The chairman of strike-crippled Greyhound visited hospitalized passengers, offered a $25,000 reward for information on a sniper and rode a bus to prove it was safe, but early Tuesday more bullets hit a Greyhound bus in Chicago.

No injuries were reported in Tuesday's shooting on Interstate 57 on Chicago's far South Side. A company spokesman said it was the seventh such incident since a drivers strike began March 2.Greyhound executive Fred G. Currey crisscrossed Florida on Monday, seeking to calm fears about bus travel after a sniper's bullet Sunday hit a Greyhound bus operated by a replacement driver in Jacksonville, Fla., injuring eight passengers.

In Chicago, four shots hit the bus and one bullet, believed to be from a 9mm handgun, was recovered, said Trooper Brian Williams. The 13 passengers aboard continued their journey on another bus bound for Memphis, Tenn.

Company spokesman George Gravely said it was the third shooting incident in Chicago since the first day of the strike, when shots were fired at a bus and a terminal. Other shootings occurred in Ohio, Arizona, Florida and Connecticut.

Gravely said there was nothing to connect the shooting to the strike, "but we don't have buses shot at when we're not negotiating a contract."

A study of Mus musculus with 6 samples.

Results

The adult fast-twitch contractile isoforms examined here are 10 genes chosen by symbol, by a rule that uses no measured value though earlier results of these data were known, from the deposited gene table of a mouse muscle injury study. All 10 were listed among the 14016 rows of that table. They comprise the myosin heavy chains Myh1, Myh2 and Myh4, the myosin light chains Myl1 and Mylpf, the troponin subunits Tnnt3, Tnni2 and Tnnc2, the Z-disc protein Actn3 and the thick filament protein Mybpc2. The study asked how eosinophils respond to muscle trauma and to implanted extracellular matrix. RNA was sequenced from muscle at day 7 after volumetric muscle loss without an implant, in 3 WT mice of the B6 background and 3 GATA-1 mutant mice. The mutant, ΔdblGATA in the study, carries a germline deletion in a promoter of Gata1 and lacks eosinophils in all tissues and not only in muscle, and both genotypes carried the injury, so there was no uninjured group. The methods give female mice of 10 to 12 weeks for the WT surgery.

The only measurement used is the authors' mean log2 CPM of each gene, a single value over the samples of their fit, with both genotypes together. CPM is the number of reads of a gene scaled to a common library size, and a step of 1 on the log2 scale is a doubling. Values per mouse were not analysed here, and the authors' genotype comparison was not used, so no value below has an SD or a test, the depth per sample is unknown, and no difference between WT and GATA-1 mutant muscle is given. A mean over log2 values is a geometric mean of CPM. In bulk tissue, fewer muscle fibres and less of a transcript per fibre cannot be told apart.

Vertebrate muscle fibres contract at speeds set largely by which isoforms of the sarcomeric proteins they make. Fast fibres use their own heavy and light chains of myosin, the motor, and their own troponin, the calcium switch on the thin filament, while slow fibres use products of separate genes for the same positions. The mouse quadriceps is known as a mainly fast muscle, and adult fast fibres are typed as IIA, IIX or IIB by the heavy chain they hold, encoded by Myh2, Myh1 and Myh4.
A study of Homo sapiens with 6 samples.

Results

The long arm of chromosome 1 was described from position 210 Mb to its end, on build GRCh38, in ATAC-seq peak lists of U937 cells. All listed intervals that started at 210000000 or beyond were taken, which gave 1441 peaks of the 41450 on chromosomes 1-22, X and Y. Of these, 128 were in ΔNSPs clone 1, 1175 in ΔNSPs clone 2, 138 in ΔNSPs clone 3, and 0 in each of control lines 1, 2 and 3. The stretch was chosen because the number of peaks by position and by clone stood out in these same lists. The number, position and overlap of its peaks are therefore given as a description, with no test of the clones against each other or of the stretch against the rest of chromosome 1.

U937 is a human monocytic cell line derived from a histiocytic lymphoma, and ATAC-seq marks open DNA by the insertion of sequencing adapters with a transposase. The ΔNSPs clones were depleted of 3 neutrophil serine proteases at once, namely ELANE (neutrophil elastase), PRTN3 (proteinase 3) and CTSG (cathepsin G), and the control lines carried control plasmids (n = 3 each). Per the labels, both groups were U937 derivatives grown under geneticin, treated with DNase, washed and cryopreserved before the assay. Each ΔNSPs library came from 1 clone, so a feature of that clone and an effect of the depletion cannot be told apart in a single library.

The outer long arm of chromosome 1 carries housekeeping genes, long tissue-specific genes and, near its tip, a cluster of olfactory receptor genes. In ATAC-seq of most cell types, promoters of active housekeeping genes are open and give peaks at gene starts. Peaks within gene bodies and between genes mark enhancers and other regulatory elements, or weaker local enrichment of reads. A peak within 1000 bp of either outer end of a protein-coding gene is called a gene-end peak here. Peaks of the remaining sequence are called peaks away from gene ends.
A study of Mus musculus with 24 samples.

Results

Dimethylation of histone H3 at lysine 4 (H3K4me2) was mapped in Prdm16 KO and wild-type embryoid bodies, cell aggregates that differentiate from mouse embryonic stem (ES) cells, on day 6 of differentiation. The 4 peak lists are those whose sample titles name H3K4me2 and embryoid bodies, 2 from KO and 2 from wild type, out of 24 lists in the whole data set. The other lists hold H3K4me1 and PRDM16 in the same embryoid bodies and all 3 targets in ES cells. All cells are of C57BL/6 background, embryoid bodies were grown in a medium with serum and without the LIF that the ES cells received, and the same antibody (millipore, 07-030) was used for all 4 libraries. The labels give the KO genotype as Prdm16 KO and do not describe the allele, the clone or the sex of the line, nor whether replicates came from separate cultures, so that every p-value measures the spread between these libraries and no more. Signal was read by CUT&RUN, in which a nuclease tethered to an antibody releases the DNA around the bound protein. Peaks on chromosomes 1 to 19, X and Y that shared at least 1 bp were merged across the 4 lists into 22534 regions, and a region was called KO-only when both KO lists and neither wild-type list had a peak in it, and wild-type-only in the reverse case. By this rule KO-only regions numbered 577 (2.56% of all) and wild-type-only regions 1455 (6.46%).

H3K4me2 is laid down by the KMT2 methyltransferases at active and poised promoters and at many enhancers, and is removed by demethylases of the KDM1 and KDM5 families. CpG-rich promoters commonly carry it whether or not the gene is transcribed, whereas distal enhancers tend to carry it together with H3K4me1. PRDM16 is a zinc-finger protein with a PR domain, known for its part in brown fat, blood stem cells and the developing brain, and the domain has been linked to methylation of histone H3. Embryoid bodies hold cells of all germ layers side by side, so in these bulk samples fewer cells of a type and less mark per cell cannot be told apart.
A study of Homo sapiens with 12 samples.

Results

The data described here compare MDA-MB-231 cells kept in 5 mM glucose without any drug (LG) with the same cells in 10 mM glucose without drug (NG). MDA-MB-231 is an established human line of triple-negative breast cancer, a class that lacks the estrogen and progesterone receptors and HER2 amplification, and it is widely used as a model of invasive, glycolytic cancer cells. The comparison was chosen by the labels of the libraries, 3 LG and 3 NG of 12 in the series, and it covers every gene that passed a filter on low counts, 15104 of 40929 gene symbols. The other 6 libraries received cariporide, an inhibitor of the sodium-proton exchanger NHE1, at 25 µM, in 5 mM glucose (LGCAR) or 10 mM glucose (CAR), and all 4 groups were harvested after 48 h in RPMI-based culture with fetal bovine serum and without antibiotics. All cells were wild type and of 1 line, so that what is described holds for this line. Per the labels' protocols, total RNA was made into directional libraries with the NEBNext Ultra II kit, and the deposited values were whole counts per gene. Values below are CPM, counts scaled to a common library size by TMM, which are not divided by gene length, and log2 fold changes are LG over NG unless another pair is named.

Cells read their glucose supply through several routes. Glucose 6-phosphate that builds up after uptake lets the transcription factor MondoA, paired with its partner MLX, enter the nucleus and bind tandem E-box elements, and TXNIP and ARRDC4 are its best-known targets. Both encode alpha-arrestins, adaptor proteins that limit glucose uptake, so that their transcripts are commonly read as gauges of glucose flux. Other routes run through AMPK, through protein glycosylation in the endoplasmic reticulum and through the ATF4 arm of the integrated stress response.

"We will not bend or move because of intimidation and violence," Currey insisted before boarding a Greyhound bus from Jacksonville to Orlando, Fla.

He then took a plane to Miami, where he said he was pessimistic about the chances of a settlement any time soon. The union, representing 6,300 drivers and more than 3,000 office and maintenance workers, went on strike over pay and job security.


The strike has been marked by scattered violence, including a striker crushed to death by a bus operated by a replacement driver in Redding, Calif. A Greyhound bus heading into Hartford, Conn., with 19 passengers was hit by sniper fire Monday. No one was hurt.

"I would say it's probably strike-related because I have been driving for 17 years and was never shot at," said union spokesman Charles True in Hartford.